Real Humans of Carnegie Mellon Tepper’s MBA Class of 2020
Pittsburgh is a city of confluence, intersected by three rivers—the Ohio, Alleghany, and Monongahela. As the city’s hills rise away from these three mighty bodies of water, the various streams of Pittsburgh life merge—the artistic culture of Pittsburgh with its industrial past and its technological future. One of the places that best exemplifies the mixture that is Pittsburgh is Carnegie Mellon University.
Sitting along the coast of the Monongahela, Carnegie Mellon is well known as one of the best technical schools in the U.S., producing generations of engineers and computer scientists. It also has one of the top drama schools, producing talents such as Zachary Quinto and Ted Danson. If this weren’t enough, Carnegie Mellon also hosts one of the country’s top MBA programs in its Tepper School of Business.
The school’s quantitative focus becomes clear when looking at the Class of 2020. Before getting to those statistics, let’s start with an overall view of the 236 people who make up the class. Thirty-four percent of students are internationals, coming from 32 different countries. Twenty-eight percent are female, and 27 percent are from U.S. minority groups.
Of the Class of 2020, 39 percent completed an engineering major as an undergraduate. The next largest major among the incoming class is business, with 27 percent. Twelve percent had studied economics, followed by humanities and social sciences at 10 percent, and mathematics and physical science at six percent.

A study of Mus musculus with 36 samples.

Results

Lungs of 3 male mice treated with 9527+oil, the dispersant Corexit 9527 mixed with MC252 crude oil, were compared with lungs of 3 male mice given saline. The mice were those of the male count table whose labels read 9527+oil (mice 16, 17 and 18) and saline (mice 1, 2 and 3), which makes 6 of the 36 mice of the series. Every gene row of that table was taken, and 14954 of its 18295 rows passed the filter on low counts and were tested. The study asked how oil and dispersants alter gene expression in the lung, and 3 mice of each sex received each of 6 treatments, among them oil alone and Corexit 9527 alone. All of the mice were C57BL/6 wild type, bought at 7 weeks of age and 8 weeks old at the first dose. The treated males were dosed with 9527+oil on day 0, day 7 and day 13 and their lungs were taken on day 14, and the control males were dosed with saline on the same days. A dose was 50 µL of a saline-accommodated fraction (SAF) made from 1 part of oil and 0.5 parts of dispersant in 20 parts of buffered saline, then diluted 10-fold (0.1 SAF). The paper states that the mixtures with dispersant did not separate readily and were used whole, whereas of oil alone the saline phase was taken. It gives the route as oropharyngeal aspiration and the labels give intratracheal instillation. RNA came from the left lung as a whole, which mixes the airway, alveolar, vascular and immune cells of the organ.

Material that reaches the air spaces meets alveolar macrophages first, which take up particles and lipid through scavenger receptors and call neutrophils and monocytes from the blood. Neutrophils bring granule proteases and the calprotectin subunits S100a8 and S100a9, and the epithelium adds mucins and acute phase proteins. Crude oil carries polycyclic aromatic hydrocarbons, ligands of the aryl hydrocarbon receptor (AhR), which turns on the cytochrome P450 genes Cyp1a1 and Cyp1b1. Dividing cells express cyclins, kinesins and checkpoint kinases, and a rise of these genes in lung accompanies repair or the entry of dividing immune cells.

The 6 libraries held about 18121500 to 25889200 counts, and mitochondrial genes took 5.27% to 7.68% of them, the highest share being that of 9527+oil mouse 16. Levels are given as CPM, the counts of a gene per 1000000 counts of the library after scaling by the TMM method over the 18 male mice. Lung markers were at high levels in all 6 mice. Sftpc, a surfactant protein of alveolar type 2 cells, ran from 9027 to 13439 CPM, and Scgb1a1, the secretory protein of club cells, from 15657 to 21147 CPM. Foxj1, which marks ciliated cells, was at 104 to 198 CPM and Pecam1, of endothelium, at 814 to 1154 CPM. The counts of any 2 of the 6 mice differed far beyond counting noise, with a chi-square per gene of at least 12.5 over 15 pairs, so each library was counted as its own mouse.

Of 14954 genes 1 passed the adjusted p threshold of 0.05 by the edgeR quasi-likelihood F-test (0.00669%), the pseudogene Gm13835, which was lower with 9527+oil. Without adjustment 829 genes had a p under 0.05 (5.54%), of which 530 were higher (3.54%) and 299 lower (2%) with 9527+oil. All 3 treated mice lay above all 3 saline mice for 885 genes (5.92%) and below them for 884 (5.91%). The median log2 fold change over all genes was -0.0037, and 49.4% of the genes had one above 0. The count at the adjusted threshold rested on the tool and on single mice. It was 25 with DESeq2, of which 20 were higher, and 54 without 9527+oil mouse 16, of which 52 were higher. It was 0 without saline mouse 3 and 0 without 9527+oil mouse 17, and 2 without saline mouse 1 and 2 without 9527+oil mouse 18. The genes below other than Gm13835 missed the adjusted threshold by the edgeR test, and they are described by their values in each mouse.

In addition to their undergraduate education, the professional background of the students also gives credence to Tepper’s reputation as a quantitative hub. The Class of 2020 has a considerable amount of professional experience, averaging 5.6 years. In terms of the fields they come from, 22 percent of the latest class come from the financial services field. The next largest field is technology and new media, making up 19 percent of the students. The next three largest fields are consulting and manufacturing at 10 percent each, followed by government at eight percent.
Although many Tepper students come from technical backgrounds, it is important to remember that they are at Carnegie Mellon, a school that considers drama to be as important as robotics; they are not just simple number crunchers. They come from interesting, diverse backgrounds that might be glossed over if seen as quants.
The following five profiles will give insights into the interesting people who have decided to spend a couple of years in the hills of Western Pennsylvania.